The Internet has become an integral part of daily business life, and trying to completely limit employees’ access during work hours is impractical. But allowing unfettered access can not only lead to wasted time—such as employees surfing their friends’ Facebook pages—it can also open your PCs and network up to rogue software and other malware that can bring down the network and invite other security breaches.
A new report released today by GFI Software, a provider of on-premise and cloud-based e-mail and security solutions, shows that while 61 percent of small businesses have stated Internet policies in place, less than half—47 percent—actually take steps to enforce those policies. “Our survey shows that most businesses have no way to monitor and filter the Web use of their employees,” said Walter Scott, CEO of GFI Software.
When it comes to network vulnerability, he noted that the server isn’t the problem, it’s the desktop PCs. “The problems arise with workers loading things they shouldn’t, or visiting sites they shouldn’t,” Scott noted. “Businesses aren’t doing simple things to prevent such activities, such as locking down USB ports and monitoring Web activities.
The result of such lax policy enforcement can be debilitating to a small business. Scott points to the Facebook virus as an example of a productivity-wasting activity turning into a full-scale infrastructure problem for many businesses. He also noted the impact of things such as iTunes downloads on a company’s bottom line, since such files often wind up in the backup stream the company pays for by the megabyte.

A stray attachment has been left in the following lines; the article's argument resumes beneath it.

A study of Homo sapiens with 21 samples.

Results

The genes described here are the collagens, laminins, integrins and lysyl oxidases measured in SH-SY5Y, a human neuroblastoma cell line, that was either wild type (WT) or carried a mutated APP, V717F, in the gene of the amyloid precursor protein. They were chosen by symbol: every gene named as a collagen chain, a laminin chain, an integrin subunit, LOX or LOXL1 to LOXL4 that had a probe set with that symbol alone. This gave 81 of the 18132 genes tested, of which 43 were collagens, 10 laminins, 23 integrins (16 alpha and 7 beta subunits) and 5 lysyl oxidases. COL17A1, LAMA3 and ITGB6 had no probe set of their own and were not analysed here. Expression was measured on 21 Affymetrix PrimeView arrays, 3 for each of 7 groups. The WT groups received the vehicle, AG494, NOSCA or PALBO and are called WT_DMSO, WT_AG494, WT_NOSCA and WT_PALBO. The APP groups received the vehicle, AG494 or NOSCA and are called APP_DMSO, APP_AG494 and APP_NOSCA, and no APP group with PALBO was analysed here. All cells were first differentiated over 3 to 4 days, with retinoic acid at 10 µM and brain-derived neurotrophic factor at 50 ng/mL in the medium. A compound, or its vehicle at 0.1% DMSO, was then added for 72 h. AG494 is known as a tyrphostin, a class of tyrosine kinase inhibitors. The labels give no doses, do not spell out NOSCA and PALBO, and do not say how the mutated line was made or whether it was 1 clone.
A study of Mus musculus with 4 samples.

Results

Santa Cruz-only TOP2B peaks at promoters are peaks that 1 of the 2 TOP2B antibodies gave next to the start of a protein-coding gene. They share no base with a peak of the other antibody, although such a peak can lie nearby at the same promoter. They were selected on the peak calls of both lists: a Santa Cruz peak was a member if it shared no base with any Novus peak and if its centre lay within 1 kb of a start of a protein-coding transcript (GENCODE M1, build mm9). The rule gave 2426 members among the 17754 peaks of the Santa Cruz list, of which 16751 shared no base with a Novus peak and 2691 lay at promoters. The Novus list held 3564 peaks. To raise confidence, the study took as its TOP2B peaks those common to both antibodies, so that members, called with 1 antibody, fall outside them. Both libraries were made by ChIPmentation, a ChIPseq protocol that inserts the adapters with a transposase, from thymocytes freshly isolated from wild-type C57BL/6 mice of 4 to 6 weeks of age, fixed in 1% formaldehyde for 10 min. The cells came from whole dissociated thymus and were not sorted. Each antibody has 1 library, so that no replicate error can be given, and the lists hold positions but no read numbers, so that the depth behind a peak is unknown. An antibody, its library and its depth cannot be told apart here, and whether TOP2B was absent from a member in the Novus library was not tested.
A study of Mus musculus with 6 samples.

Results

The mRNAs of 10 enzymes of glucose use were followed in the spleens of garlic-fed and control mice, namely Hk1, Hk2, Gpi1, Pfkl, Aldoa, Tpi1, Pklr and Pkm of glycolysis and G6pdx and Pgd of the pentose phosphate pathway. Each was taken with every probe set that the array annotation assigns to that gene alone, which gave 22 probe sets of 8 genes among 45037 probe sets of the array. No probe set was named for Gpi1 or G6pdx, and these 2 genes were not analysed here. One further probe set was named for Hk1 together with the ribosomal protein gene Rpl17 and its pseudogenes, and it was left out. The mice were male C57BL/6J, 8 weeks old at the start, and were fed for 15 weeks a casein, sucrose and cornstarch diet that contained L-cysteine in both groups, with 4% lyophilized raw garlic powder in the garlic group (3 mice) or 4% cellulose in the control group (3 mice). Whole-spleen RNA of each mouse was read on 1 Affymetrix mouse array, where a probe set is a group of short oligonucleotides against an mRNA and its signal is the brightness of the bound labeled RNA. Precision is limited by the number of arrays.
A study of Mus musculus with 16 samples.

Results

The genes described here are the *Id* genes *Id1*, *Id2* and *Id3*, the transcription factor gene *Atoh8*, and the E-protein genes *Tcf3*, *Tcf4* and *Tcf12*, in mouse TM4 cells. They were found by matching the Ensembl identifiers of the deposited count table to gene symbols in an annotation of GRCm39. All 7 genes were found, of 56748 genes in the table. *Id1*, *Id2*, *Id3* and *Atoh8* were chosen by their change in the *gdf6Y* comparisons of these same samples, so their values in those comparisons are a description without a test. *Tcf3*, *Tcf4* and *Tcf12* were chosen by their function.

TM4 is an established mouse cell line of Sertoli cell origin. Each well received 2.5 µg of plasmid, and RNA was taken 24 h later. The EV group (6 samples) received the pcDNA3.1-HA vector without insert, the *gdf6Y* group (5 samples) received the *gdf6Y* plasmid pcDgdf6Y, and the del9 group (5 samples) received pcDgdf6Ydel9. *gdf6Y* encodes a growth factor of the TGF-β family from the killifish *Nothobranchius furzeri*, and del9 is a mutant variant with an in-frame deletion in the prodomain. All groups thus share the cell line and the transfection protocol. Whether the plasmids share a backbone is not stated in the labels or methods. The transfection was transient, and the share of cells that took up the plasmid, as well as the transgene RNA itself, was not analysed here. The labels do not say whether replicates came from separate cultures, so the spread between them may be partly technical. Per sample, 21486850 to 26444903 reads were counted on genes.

“In a smaller company, where they particularly can’t afford such inefficiency, we found the majority of businesses were not implementing a strategy,” Scott said. “It is not a case of Big Brother, but rather one of keeping alert and being prepared. With monitoring in place, management has a front-line view of Internet activity in the company.”
The GFI study goes on to indicate that among the small businesses using Web filtering software, the majority (67 percent) said they use it for security against virus and malware downloads, 55 percent to prevent illegal and/or unacceptable Web browsing and 36 percent to monitor employee browsing activity. That last statistic is particularly worrisome to Scott, since online shopping or using social networking sites during work hours can be a productivity drain. He noted that while an employer probability can’t completely stop such activity, Web filtering and monitoring products can at least limit access to off-hours and lunch hours.
Other questions in the survey focused on e-mail compliance and e-discovery issues, and here small businesses seem to be even further behind the curve. When asked if they have rules or policies governing the storage and retention of e-mail messages, 63 percent of respondents said they did not have any rules stating where e-mails should be stored and for how long.
“Compliance is a major issue in the U.S. and the penalties for non-compliance can be crippling for a business,” warned Scott. In the event of a lawsuit, for example, a company could be required to produce pertinent e-mail threads. Not being able to do so places the business at a disadvantage. “And e-mail archiving is not just for legal purposes, it helps with documenting what has transpired in your business,” Scott added. “If an employee leaves, you have a better chance of picking up the ball on their projects if you can go back and see the e-mails.”
Jamie Bsales is an award-winning technology writer and editor with nearly 14 years of experience covering the latest hardware, software and Internet products and services.